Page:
Reviewed Suicide Videos Links
(viewing 1 - 5 of 22)Developing the Family Intervention for Suicide Prevention (FISP)
Dr. Joan Asarnow is the developer of the Family Intervention for Suicide Prevention (FISP), an evidence-based intervention aimed at preventing and treating suicidal behavior among youths brought to emergency rooms. In this video, Dr. Asarnow is joined by her colleague, Dr. Mary Jane Rotheram-Borus, with whom she collaborated in developing FISP. They discuss the intervention’s core components and intended effects. Dr. Maggie Rea, another colleague, is also featured; she discusses lessons learned regarding implementing the intervention in hospital emergency departments. Feeling down? Let's talk - Prevention of suicide among adolescents
This is a documentary about the prevention of suicide among adolescents.
Every year close to 800,000 people die by suicide. It is the second leading cause of death among 15-29 year-olds. This video describes how Malatavie, a health service established in 1996 out of a partnership between the Children Action Foundation and the University Hospitals of Geneva, supports young people who are at risk of suicide, working together with their families and social and educational services.NPW 2017: Suicide and Substance Use in Young People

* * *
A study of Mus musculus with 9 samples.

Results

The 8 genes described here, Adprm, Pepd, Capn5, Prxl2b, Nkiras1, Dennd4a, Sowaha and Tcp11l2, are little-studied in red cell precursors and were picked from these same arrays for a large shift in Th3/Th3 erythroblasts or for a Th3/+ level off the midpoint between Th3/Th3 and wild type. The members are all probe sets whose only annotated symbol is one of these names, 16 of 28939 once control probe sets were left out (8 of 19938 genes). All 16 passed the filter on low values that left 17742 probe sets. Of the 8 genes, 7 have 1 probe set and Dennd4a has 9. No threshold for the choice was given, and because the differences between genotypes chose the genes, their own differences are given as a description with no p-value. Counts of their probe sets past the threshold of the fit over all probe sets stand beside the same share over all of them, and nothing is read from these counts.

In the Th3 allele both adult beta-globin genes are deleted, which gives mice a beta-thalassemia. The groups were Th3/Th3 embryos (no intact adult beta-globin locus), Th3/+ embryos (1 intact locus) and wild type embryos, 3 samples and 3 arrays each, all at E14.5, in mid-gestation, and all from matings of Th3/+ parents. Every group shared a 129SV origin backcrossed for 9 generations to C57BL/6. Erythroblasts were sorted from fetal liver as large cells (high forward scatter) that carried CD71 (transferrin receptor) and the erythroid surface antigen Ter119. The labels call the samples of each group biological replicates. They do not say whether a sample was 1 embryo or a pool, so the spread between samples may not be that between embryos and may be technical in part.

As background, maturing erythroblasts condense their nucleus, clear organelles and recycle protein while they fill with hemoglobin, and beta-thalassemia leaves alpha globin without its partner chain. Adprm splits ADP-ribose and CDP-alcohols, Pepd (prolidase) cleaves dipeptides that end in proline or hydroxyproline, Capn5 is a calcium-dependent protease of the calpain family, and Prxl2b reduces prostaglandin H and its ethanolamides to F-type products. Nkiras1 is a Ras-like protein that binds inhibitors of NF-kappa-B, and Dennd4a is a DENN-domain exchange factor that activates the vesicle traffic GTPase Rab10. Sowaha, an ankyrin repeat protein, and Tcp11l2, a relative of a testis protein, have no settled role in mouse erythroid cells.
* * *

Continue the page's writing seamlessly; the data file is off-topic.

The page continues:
NPW 2017: Suicide and Substance Use in Young People” provides an overview on the relationship between suicide and substance use among young people, and includes best practices in prevention and intervention.Suicide Warning Signs
Suicide is the 10th leading cause of death in the U.S.—and while studies show the risks are higher for people with a history of psychiatric disorders, post-traumatic stress disorder, or substance abuse, health experts say suicidal thoughts can happen to people with no medical history.ADHD and Suicide Risk Factors
Dr. Olivardia presents this information in an uncomplicated way so parents of children with ADHD, adults with ADHD and educators also learn and benefit from the information that is presented. Empirical research studies have demonstrated that children, adolescents, and adults with ADHD are at elevated risk for suicide.